There has been much nostalgia lately for former United States President Bill Clinton. Republicans who were considering a compromise between the current GOP-led Congress and President Barak Obama have been recalling fondly the compromises between the Republican-led Congress and Clinton to cut taxes, balance the budget through spending cuts and reform welfare. In addition, a recent public opinion survey ranked Clinton behind only John Kennedy and Ronald Reagan in popularity among modern presidents. His popularity has even increased. Clinton also recently conducted a press conference at the White House briefing room on behalf of Obama. Finally, Clinton and Obama Administration diplomat Richard Holbrooke was praised in the liberal media after his recent death.
Conservatives should especially beware the Clinton nostalgia. Although Clinton deserves credit for signing key parts of the Congressional Republicans’ Contract with American into law, these acts must be considered in their context. Clinton had raised income taxes, which were not lowered until his successor took office. At the same time, he increased spending, despite the labeling of his tax increases as a “deficit reduction” plan, as I have noted previously. The balanced budget achieved later in his Administration tends to obscure the fact that Clinton’s spending over the course of his two terms in office added nearly a trillion dollars to the federal debt; the temporary budget surpluses of his last years did not make up for the massive deficits he had produced beforehand, despite his drastic cuts to defense and intelligence.
In other domestic matters, Clinton earned the reputation as the “Abortion President” before Obama has since wrested the title from him, he weakened the right to bear arms, and he appointed liberal judges. Except in his trade policy, Clinton was a disaster on foreign policy. His fiasco in Somalia emboldened al-Qaeda by suggesting the U.S. was a pushover that feared casualties more than defeat, he failed to respond adequately to the emerging terrorist threat, he appeased North Korea and he gave missile technology to China.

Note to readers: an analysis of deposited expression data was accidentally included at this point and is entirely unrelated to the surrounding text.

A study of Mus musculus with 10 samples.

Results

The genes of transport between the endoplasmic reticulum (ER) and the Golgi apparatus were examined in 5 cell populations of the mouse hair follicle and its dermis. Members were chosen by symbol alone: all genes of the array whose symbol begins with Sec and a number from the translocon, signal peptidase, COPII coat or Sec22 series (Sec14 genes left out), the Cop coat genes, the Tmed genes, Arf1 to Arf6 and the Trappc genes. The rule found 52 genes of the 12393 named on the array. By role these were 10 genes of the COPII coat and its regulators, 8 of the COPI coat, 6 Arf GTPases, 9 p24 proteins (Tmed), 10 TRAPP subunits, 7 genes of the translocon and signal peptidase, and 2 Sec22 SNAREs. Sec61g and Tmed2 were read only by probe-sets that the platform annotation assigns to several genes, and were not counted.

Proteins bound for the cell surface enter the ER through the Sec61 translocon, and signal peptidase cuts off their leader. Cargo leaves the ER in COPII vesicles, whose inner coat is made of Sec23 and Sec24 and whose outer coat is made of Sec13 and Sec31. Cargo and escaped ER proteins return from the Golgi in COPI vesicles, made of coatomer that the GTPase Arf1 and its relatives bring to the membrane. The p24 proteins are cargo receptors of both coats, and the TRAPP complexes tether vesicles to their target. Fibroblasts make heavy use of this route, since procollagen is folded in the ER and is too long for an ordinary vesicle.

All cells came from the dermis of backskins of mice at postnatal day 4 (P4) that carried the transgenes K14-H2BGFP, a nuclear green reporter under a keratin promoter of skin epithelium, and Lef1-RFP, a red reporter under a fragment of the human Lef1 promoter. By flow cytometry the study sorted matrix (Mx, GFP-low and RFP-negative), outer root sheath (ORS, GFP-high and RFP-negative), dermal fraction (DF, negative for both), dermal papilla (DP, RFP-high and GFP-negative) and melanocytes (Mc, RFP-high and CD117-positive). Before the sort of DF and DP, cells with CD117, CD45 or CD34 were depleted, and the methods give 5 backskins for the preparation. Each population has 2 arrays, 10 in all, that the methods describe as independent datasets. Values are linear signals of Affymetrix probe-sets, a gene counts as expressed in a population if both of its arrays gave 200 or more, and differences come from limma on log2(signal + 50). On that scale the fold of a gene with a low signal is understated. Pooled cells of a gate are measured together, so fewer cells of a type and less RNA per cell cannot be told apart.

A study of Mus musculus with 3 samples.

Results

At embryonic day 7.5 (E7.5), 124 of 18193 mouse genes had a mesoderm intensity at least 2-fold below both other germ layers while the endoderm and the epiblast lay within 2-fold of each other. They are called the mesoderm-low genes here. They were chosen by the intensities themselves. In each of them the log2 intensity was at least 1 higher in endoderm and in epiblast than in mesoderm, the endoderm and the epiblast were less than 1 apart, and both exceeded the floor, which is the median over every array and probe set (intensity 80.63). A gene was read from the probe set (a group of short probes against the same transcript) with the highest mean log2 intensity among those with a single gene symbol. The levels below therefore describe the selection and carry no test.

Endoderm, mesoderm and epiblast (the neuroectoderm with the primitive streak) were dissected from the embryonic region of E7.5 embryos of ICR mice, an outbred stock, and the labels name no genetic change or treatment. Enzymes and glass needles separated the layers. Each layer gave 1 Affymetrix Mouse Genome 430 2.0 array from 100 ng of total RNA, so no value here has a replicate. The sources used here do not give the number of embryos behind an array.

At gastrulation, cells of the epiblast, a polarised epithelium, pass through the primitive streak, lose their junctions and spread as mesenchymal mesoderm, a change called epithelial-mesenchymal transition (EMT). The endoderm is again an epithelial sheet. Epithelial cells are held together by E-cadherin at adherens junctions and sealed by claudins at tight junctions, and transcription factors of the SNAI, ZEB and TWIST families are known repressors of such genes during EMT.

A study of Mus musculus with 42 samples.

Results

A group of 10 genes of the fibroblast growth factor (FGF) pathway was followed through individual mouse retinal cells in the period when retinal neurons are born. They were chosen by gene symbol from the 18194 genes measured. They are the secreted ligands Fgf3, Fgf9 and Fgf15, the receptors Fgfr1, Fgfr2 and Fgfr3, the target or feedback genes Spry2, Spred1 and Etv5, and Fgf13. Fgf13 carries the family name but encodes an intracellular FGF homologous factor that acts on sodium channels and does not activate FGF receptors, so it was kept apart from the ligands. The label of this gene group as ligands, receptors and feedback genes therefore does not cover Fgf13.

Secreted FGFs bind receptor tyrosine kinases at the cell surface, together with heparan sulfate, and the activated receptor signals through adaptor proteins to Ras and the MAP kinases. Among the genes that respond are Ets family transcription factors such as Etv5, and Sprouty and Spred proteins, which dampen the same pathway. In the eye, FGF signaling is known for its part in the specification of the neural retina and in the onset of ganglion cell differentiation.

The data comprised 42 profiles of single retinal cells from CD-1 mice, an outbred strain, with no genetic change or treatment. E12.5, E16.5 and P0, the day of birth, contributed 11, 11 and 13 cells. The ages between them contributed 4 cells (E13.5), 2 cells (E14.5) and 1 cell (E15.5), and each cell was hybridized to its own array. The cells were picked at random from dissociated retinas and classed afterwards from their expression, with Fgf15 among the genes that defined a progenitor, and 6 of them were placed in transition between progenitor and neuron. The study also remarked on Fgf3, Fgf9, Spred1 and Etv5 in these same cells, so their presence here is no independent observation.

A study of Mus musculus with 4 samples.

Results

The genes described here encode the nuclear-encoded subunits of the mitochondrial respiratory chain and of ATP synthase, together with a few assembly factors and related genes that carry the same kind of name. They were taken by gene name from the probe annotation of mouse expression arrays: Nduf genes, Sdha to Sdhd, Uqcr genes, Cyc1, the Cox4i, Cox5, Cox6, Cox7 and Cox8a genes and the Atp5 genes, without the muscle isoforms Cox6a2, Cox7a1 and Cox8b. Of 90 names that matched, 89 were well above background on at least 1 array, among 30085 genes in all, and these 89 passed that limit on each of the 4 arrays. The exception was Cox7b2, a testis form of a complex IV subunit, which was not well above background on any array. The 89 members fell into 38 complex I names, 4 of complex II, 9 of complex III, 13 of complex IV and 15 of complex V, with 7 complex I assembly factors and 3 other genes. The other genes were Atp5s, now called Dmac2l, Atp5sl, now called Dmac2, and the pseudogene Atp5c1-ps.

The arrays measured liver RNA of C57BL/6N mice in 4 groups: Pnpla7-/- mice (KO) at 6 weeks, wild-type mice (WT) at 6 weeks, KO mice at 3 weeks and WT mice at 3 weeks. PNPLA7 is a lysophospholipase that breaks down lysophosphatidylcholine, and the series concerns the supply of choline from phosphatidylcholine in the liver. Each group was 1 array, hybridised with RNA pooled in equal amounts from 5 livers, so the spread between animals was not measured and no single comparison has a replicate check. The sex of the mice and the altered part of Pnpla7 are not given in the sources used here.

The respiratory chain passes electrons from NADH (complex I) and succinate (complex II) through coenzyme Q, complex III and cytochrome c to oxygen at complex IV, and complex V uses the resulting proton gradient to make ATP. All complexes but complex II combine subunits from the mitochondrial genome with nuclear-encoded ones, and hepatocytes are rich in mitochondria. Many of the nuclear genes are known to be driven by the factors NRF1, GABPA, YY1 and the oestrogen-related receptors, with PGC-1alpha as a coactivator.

The praise for Holbrooke is typical of liberals toward fellow liberals who failed. The Clinton Administration did little while a Communist-led genocide campaign called “ethnic cleansing” was being conducted on NATO’s flank in the former Yugoslavia. Only after hundreds of thousands of mostly civilian deaths and even more dislocations did it finally react and force peace negotiations. Holbrooke then negotiated with the Yugoslav Communist dictator, Slobodon Milosovic, legitimatizing this war criminal by using him as a guarantor of the peace accords. The accords accepted the status quo, meaning that instead of insisting upon the right of return for refugees, they ratified the ethnic cleansing inspired by Milosovic. An artificial Bosnian state was created and American “peacekeeping” troops sent in to act as human shields between the divided ethnic groups. Clinton’s policy failed to teach Milosovic a lesson, which required a lengthy U.S. air campaign when the “Butcher of Belgrade” later opened a new ethnic cleansing campaign in Kosovo. Yet Clinton and Holbrooke have boasted about and been praised for their diplomacy ever since, usually without any objection. But then, Clinton does not have a reputation for honesty.
In short, Clinton might have been better in some respects than the current president on domestic matters, although at least Obama has never raised income taxes, but Clinton was far worse on defense and foreign policy. Conservatives are right to recall the beneficial policies of the Clinton Administration, such as his cut of the capital gains tax, and to use them as examples for Obama, but they should be careful not to get carried away with nostalgia for one of the worst presidents in American history and should consider the entire context of his eight years in office.